Open-access content Tuesday 19th June 2012 — updated 2.38pm, Tuesday 5th May 2020
Here, we ask what conclusions can be drawn from our snapshot of the sector's current leading lights.
21 June 2012
By setting a notional cap of ten years experience in the sector, we were keen to compile a group of people who would show to those considering facilities management as a profession just what they could be achieving in a relatively short space of time.
Some made the list for the way in which they'd made significant projects bear fruit, others for the impact they had on their colleagues, and others still for the enormous responsibilities they'd taken on. But what was abundantly clear from all of the nominations was that three key attributes stood out, whatever the individual's role.
First was a capacity to think their way out of complex or suddenly manifesting situations and, second, the ability to communicate up to board level and across and down to customers and clients.
Indeed, when we asked our readers what they considered the top traits of a fast-moving professional in this sector, nearly a quarter of respondents cited the ability to form close working relationships as more important than all bar one other attribute.
The number one attribute, cited by more than half of our poll respondents, was an 'ability to formulate and introduce innovative working models'. This was reflected in our nominations, with more than a third of those proposed having brought some form of innovation to their roles. This could have been re-structuring their team, or even developing new software to bridge gaps in the way service is delivered.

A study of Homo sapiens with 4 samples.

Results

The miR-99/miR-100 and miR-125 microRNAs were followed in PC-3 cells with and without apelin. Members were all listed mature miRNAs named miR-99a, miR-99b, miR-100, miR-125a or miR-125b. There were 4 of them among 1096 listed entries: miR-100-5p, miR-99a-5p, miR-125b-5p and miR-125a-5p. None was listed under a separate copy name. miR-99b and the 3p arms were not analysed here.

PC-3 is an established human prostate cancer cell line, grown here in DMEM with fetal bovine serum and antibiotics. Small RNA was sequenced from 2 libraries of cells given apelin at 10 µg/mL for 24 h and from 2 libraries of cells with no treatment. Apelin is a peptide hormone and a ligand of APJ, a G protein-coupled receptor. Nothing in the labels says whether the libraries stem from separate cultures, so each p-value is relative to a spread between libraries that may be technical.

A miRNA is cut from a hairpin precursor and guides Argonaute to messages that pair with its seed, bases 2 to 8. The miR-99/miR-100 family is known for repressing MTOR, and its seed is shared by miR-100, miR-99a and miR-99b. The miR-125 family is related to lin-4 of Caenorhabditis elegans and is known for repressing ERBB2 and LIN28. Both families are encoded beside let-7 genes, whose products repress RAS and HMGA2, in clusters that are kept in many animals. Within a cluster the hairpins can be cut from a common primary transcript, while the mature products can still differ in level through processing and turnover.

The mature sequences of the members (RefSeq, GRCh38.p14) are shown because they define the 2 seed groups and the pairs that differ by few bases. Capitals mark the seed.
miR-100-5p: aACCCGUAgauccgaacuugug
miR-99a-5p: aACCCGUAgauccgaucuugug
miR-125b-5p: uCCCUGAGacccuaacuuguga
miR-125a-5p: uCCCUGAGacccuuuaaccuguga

It's interesting to note that many of our final 30 operational FMs were being lauded for the way in which they had seen an innovation through from gestation to delivery. 'Thinking on your feet' is one thing - 'seeing a project through' quite another. During the judging process, evidence of this cradle-to-grave thinking was highly scored.
Some people made our list despite the original stipulation that it would comprise strictly operational FMs. Sheer weight of nominations brought Dr Matt Tucker into a special guest star category for his determination and ambition to create a research voice for the industry. Tucker has developed a new MSc in Applied Facilities Management at Liverpool John Moores University, making LJMU the only BIFM Recognised Centre to deliver the institute's new level 7 qualifications.
Another non-operational FM, Tom Robinson, has worked at Mitie since 2006 but is now the company's head of training. His views on training - that it should emphasise people, not process - have resonated with many of the FMs with whom he works.
It's interesting to note that despite coming at FM from different angles, Robinson and Tucker were each nominated for the same fundamental reasons as their operational counterparts:
in Tucker's case, innovation through new ways of delivering his courses via social media, and Robinson for his communication skills.
Bringing it all together was plentiful evidence of an enthusiasm for volunteering, with a sizeable majority of our final list being members of the BIFM or FMA, and in some cases working on the committees for the BIFM's various special interest groups.
A last word for our judges
- Julie Kortens, Chris Stoddart, Samantha Bowman and the Rising FMs sig - for the giving their time in reading through the nominations. And finally, thanks to Polly Plunket and Chris Stoddart of Cushman & Wakefield for allowing us to use the Heron Tower for the reception: holding it in the building managed by the current facilities manager of the year was entirely appropriate.